Mar 24, 2008
If you're so down in the dumps about work that your commute feels like a trip to the gallows, you're not alone - in one recent study, 41% of workers were found to be dissatisfied in their job.

If a job really isn't right for a person, I would advise them to leave. But before you go back to the drawing board with online jobs searches and CV writing, there are some things to think about which could save you a lot of time and trouble in the long run. For example, there's a lot a simple conversation can do to improve your working environment.

How to Change your Situation

Astute employees are able to talk about being dissatisfied with their job in a more productive way, looking at their current position as a starting point from which they can grow and flourish.

If you're considering leaving your current job then, before scouring for new jobs online, try to think about what you do like about it, as well as what you don't. Write a list of these good and bad points, and bring what you want to improve into a meeting with the relevant colleague.

If your reason for wanting to leave is people-orientated, try tackling that person or people's behaviour. If you need more of a work/life balance, raise this issue with your HR manager to talk about flexible working.

If you were overlooked for a promotion, this is a point to raise with your boss in an appropriate manner and set some timescales for your future with the company. Resolving any of these issues could have a huge impact on your job satisfaction.

Be Brave!

When it comes to approaching people for promotions or over other issues, women tend to have less confidence in the work place and studies have shown that they have more difficulties asking for what they want, leading to lower job satisfaction in the long run.

For men, confidence issues can also be a problem, so whoever you are, you really need to face your fears. Ask for what you want and don't be afraid to follow your dream if your current job isn't for you. If you're determined to go, be sure find a job that fulfils your requirements.

In order to find your perfect role, draw up a career strategy, outlining what aspects you are looking to retain and achieve in your next role. Once you know this, try to incorporate your aims into your CV writing so employers will know what you're looking for before you turn up for an interview. Wherever you're looking for jobs, online or in print, keep those aims in mind at all times.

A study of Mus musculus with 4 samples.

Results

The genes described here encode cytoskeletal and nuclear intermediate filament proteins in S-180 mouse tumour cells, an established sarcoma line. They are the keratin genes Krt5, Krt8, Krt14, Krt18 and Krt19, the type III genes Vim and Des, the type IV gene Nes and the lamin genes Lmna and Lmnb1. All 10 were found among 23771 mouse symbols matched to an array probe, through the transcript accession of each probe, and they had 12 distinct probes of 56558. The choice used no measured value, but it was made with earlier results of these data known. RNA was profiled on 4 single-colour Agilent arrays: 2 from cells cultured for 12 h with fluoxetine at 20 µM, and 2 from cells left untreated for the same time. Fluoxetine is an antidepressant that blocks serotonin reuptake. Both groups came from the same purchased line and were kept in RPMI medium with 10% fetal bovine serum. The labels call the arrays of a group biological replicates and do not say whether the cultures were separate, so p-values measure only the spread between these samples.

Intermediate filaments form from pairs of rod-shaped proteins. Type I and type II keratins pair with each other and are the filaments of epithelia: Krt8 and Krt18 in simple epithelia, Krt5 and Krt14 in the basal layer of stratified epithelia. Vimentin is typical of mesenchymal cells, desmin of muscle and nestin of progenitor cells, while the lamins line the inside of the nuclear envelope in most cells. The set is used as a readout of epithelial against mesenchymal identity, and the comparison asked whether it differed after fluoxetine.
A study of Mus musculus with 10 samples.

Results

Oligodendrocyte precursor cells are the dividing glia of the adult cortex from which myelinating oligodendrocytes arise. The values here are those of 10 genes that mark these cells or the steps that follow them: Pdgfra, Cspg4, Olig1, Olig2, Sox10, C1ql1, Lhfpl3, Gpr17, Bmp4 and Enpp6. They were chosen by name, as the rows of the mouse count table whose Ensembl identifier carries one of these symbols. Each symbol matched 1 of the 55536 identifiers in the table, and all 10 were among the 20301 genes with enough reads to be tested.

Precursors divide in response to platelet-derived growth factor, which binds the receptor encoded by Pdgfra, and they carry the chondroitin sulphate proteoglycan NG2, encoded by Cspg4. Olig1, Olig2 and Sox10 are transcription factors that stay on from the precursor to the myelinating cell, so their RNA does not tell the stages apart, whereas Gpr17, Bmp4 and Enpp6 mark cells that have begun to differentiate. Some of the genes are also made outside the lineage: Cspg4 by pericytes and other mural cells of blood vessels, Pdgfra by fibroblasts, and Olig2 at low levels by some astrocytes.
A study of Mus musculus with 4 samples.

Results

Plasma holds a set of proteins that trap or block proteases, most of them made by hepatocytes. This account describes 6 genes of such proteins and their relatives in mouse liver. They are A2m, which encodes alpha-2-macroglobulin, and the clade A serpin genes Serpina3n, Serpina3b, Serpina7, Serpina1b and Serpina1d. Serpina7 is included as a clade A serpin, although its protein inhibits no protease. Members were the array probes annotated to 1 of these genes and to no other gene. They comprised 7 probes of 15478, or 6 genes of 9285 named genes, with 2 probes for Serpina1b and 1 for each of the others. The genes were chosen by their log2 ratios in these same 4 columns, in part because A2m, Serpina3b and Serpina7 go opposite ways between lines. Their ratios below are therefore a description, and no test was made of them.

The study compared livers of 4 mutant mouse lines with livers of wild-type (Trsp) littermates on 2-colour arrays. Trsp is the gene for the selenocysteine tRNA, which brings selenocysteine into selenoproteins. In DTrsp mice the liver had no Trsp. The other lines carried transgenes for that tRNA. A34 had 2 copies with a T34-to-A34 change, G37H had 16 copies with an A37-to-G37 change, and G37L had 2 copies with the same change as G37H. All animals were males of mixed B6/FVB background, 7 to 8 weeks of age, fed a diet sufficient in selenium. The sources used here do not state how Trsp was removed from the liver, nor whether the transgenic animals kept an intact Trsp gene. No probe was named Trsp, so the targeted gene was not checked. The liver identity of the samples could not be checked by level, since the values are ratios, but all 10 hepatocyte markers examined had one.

Job Satisfaction: The Facts

If you're feeling unsatisfied at work but can't quite put your finger on why, there are a number of seemingly small things which could be making a big difference to your day. People who know about these may be able to make the necessary changes without re-writing CVs.

A study by University of Warwick Economics professor Andrew Oswald revealed that there are a number of crucial factors influencing job satisfaction among workers in the UK.

Tight deadlines or high-speed work tend to be bad for job satisfaction, and age is also important. Those in their 20s are less likely to be satisfied with their jobs, and job satisfaction was shown to decrease with age before the 20s and increase afterwards.

Meanwhile, working at home is good for job satisfaction, as are small freedoms such as being able to move the desk or change the lighting. Dealing with people is another positive point, as is job security, being in a small workplace, having a high relative income, being self-employed and having a shorter commute.
About the Author
Gail Kenny is the managing director of Puregenie, an online travel recruitment agency specialising in SEO jobs . The site caters exclusively to talented individuals with skills and experience to succeed in the online environment.